Improvement in Bladder Function with Spinal Cord Electrical Stimulation.
One of the greatest impacts on quality of life for people with spinal cord injuries (SCI) is the loss of bladder and bowel control. These are conditions known as ‘neurogenic bladder’ and ‘neurogenic bowel.’ Urinary catheterization and time consuming regimens of bowel management number among the medically necessary realities of living with SCI. These requirements bring other risks to the health of the individual such as potential infections. In most cases, pharmaceutical intervention is used to encourage bladder voiding so that pressure does not cause urine to flow back up to the kidneys. This is another ‘unintended consequence’ that accompanies SCI. A new paper published today online in Scientific Reports (Scientific Reports | (2018) 8:8688 | DOI:10.1038/s41598-018-26602-2) describes the work of Dr. Charles Hubscher and his team at the University of Louisville’s Kentucky Spinal Cord Injury Research Center (KSCIRC). The key finding was improvement in bladder function using spinal cord Electrical Stimulation (scES).
Read the Complete Article at Scientific Reports.
Disruption of motor and autonomic pathways induced by spinal cord injury (SCI) often leads to persistent low arterial blood pressure and orthostatic intolerance. Spinal cord epidural stimulation (scES) has been shown to enable independent standing and voluntary movement in individuals with clinically motor complete SCI.
In this study, we addressed whether scES configured to activate motor lumbosacral networks can also modulate arterial blood pressure by assessing continuous, beat-by-beat blood pressure and lower extremity electromyography during supine and standing in seven individuals with C5-T4 SCI. In three research participants with arterial hypotension, orthostatic intolerance, and low levels of circulating catecholamines (group 1), scES applied while supine and standing resulted in increased arterial blood pressure. In four research participants without evidence of arterial hypotension or orthostatic intolerance and normative circulating catecholamines (group 2), scES did not induce significant increases in arterial blood pressure. During scES, there were no significant differences in electromyographic (EMG) activity between group 1 and group 2. In group 1, during standing assisted by scES, blood pressure was maintained at 119/72 ± 7/14 mmHg (mean ± SD) compared with 70/45 ± 5/7 mmHg without scES. In group 2 there were no arterial blood pressure changes during standing with or without scES. These findings demonstrate that scES configured to facilitate motor function can acutely increase arterial blood pressure in individuals with SCI-induced cardiovascular deficits.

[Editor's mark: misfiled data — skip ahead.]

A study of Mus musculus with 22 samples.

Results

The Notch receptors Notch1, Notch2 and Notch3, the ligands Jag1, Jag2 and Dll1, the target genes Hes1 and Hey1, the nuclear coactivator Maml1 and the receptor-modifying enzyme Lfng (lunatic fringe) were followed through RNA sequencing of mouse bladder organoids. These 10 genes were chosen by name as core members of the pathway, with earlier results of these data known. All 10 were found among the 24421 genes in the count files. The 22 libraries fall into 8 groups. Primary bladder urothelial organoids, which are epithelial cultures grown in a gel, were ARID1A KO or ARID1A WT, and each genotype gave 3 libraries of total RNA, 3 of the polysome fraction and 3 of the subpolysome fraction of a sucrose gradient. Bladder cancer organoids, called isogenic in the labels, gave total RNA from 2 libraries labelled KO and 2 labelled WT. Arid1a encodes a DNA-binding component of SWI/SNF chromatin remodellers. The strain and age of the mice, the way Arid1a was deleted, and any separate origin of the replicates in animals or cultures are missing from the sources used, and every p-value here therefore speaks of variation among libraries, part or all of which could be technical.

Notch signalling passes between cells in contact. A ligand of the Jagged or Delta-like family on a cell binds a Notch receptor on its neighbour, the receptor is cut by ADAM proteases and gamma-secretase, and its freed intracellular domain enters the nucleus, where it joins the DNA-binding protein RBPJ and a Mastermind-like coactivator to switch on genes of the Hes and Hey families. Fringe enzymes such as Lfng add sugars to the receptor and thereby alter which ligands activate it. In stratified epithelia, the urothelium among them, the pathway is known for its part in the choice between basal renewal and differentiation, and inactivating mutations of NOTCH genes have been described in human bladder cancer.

Read the Complete Article at Frontiers in Physiology.
Activity-based Training PLUS Epidural Stimulation Supports the Ability of a Person with SCI to Move When the Stimulation Is Not Active.
Spinal cord injuries have devastating effects on affected individuals and, most often, lead to paralysis.
Our research team has previously shown that epidural stimulation of the spinal cord combined with intense activity-based rehabilitative training can help in the recovery of voluntary movement and standing. So far, this recovery has only been demonstrated when the spinal cord stimulation was being applied. In this paper, we show the progressive recovery of voluntary movement control and standing ability without the use of spinal cord stimulation in one individual that received 3.7 years of different rehabilitative training protocols combined with spinal stimulation. In particular, this report shows the effects of training-induced adaptations of the spinal cord that allowed this individual to advance from no ability to move his legs to the ability to move his legs and stand without spinal stimulation.
These findings show the extraordinary recovery potential of the human nervous system after severe spinal cord injury, and suggest future studies focus on better understanding the effects of different training components on spinal cord adaptations important for functional recovery.
Read the Complete Article at Scientific Reports.
Epidural Stimulation (ES) of the lumbosacral spinal cord has been used to facilitate standing and voluntary movement after clinically motor-complete spinal-cord injury.
It seems of importance to examine how the epidurally evoked potentials are modulated in the spinal circuitry and projected to various motor pools. We hypothesized that chronically implanted electrode arrays over the lumbosacral spinal cord can be used to assess functionally spinal circuitry linked to specific motor pools.
The purpose of this study was to investigate the functional and topographic organization of compound evoked potentials induced by the stimulation. Three individuals with complete motor paralysis of the lower limbs participated in the study. The evoked potentials to epidural spinal stimulation were investigated after surgery in a supine position and in one participant, during both supine and standing, with body weight load of 60%. The stimulation was delivered with intensity from 0.5 to 10 V at a frequency of 2 Hz. Recruitment curves of evoked potentials in knee and ankle muscles were collected at three localized and two wide-field stimulation configurations. Epidural electrical stimulation of rostral and caudal areas of lumbar spinal cord resulted in a selective topographical recruitment of proximal and distal leg muscles, as revealed by both magnitude and thresholds of the evoked potentials. ES activated both afferent and efferent pathways. The components of neural pathways that can mediate motor-evoked potentials were highly dependent on the stimulation parameters and sensory conditions, suggesting a weight-bearing-induced reorganization of the spinal circuitries.
Read the Complete Article at the US National Library of Medicine National Institutes of Health.